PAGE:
This week started in sadness.

“How are you?” “I’m okay.” Subdued.

Monday morning, a staff member at the News said, “I kind of have the heebie geebies because I could have been out there, had it been another night, another event going on.”

The newsroom was silent. The phone rang a time or two.

The sadness, the sense of death brushing near, is nothing compared to the raw grief of those directly affected by Dayton’s Oregon District shooting. Those who survive those hurt and killed. The sadness of the rest of us — well, it’s not quite nothing. Sadness is sadness. The ache is so heavy.

But also: the anger runs so deep. For me, for many, the anger runs so deep. In shooting after shooting, there is one common denominator. Guns. We can talk about political ideology, misogyny, mental health. We can talk about youth and maleness and violence and the toxic mix of power and powerlessness, self-hatred and other-directed hate. All of these aspects are important, worthy of careful and compassionate consideration — and action. But, dear villagers, dear people of these torn-apart United States, we have to talk about guns.

The United States constitutes about 4.4 percent of the world’s population. (Smaller than I thought! Did you, like me, forget how small we are?) But, according to a 2017 New York Times analysis, we own 42 percent of the world’s guns. By that same analysis, we are not the developed world’s most violent society. We do not suffer the most mental illness. We do not offer the fewest supports for those in mental and emotional distress. We are not the only home to those entranced by ideologies of fear and hate. The disproportion lies only and powerfully in our ownership of guns.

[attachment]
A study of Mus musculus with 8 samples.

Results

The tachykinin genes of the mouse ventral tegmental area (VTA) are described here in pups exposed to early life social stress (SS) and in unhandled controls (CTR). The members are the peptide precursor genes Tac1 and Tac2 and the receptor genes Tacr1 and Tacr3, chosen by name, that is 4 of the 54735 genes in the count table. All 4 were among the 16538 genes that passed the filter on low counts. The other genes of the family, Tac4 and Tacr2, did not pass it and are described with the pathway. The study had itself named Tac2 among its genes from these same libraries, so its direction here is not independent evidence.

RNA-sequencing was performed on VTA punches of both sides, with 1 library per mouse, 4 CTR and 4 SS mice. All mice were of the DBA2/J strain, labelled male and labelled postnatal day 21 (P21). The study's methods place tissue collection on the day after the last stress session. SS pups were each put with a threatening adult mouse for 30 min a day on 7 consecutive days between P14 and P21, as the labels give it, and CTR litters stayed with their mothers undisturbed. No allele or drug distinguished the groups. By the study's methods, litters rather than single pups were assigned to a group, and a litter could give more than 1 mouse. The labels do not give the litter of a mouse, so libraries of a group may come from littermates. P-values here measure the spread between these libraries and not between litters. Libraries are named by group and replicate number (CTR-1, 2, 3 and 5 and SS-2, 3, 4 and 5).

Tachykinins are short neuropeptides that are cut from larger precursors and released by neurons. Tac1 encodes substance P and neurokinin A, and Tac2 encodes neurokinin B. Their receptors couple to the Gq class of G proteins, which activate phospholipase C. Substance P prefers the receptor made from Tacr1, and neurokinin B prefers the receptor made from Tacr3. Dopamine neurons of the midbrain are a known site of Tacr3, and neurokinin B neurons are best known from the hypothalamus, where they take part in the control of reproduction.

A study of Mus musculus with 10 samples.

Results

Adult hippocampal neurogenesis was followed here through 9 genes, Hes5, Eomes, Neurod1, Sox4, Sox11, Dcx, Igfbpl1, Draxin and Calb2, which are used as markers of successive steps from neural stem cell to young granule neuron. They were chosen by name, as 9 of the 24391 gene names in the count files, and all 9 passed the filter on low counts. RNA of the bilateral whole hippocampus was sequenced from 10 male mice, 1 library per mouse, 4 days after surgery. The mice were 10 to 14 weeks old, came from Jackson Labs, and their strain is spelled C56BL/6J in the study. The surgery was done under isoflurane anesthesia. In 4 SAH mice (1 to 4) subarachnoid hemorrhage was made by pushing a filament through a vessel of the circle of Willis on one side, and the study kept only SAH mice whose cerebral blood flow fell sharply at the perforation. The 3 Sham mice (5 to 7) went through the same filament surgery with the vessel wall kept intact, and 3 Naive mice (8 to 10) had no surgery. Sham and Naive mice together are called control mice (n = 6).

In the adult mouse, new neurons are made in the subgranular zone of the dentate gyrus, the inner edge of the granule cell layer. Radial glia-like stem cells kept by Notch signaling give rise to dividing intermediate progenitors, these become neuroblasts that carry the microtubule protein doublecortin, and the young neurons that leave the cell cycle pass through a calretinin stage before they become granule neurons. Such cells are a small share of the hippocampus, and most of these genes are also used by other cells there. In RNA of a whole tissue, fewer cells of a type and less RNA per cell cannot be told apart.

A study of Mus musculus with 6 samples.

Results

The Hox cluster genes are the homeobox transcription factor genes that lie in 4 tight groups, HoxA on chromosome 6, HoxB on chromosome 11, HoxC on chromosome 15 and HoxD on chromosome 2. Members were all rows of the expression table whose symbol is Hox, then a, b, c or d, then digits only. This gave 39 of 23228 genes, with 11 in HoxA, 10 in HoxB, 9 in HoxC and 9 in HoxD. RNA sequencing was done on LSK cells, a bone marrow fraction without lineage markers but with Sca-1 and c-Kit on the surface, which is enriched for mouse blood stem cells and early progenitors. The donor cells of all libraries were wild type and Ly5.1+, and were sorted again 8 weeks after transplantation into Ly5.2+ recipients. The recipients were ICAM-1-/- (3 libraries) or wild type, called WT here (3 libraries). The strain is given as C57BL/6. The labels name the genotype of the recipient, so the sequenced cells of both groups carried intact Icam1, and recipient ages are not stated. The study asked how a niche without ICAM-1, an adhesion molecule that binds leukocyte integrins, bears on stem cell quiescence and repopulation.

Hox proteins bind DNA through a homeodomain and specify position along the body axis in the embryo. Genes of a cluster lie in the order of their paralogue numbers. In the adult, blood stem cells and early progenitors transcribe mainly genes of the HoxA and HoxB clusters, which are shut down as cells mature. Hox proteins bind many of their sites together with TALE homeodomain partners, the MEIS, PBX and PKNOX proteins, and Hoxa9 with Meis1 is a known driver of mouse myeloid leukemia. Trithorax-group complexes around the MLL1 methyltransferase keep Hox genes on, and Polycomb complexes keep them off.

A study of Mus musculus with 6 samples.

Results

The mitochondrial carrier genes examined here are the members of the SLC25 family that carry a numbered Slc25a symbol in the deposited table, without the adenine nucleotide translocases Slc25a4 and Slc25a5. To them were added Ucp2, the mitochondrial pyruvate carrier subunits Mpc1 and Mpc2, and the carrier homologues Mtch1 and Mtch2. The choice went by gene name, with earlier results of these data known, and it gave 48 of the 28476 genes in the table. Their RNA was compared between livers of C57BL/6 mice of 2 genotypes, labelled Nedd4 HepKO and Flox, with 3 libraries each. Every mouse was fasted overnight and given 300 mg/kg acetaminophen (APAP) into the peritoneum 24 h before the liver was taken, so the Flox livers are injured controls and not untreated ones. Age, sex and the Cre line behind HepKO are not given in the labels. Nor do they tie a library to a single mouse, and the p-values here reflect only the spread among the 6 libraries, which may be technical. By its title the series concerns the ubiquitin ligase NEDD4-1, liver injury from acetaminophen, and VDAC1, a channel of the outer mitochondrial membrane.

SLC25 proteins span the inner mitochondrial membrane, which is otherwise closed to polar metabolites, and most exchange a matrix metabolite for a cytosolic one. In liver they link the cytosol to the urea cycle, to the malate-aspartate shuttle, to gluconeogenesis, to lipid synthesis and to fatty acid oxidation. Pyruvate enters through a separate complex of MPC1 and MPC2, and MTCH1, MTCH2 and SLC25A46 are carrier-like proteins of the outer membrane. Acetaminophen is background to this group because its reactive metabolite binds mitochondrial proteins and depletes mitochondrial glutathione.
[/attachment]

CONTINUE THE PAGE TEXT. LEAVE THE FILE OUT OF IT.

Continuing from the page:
Control for every other factor, and you’re left with: guns.

Why do we have so many mass murders? Why do the mass murders we have kill so many people? Nine in the space of 30 seconds on this particular evening on this particular street.

Because of guns.

When guns are so widely available, when there are massive numbers of guns, guns of bewildering and terrifying capacities, guns that kill and maim dozens in a matter of seconds — we will, some of us will, use them.

So we have to reduce the number of guns.

Reducing, radically reducing, the number of guns is the only way to stop the killing. Other conversations, other actions must happen, too. But we cannot substitute those conversations and those actions for the very clear, very simple step of reducing the number of guns. Banning categories of guns. Limiting the kinds and numbers that can be owned. Making it hard, very hard, to get a gun of any variety at any time.

We’re always walking a line in this democracy between rights and responsibilities, individual freedoms and collective needs. Between the private and the public. It’s hard work, walking this line. But regarding guns? We left the line a long time ago. We’re in the open field. We have been unwilling to do anything, anything at all, to protect the lives of children, teens, workers, Walmart shoppers, nightclub goers, concert attendees, mothers, fathers, teachers, anyone and everyone. And by “protect the lives” I mean: dramatically reduce the chance that people living their lives will be suddenly and violently killed. My right to own guns does not weigh much against your right — and yours and yours, across the whole beautiful republic — to continue to live.

Why reduce the number of guns? Because we love and respect each other. Because we live together and don’t want to kill each other.

Let’s have all the other conversations. But first, let’s reduce the number of guns.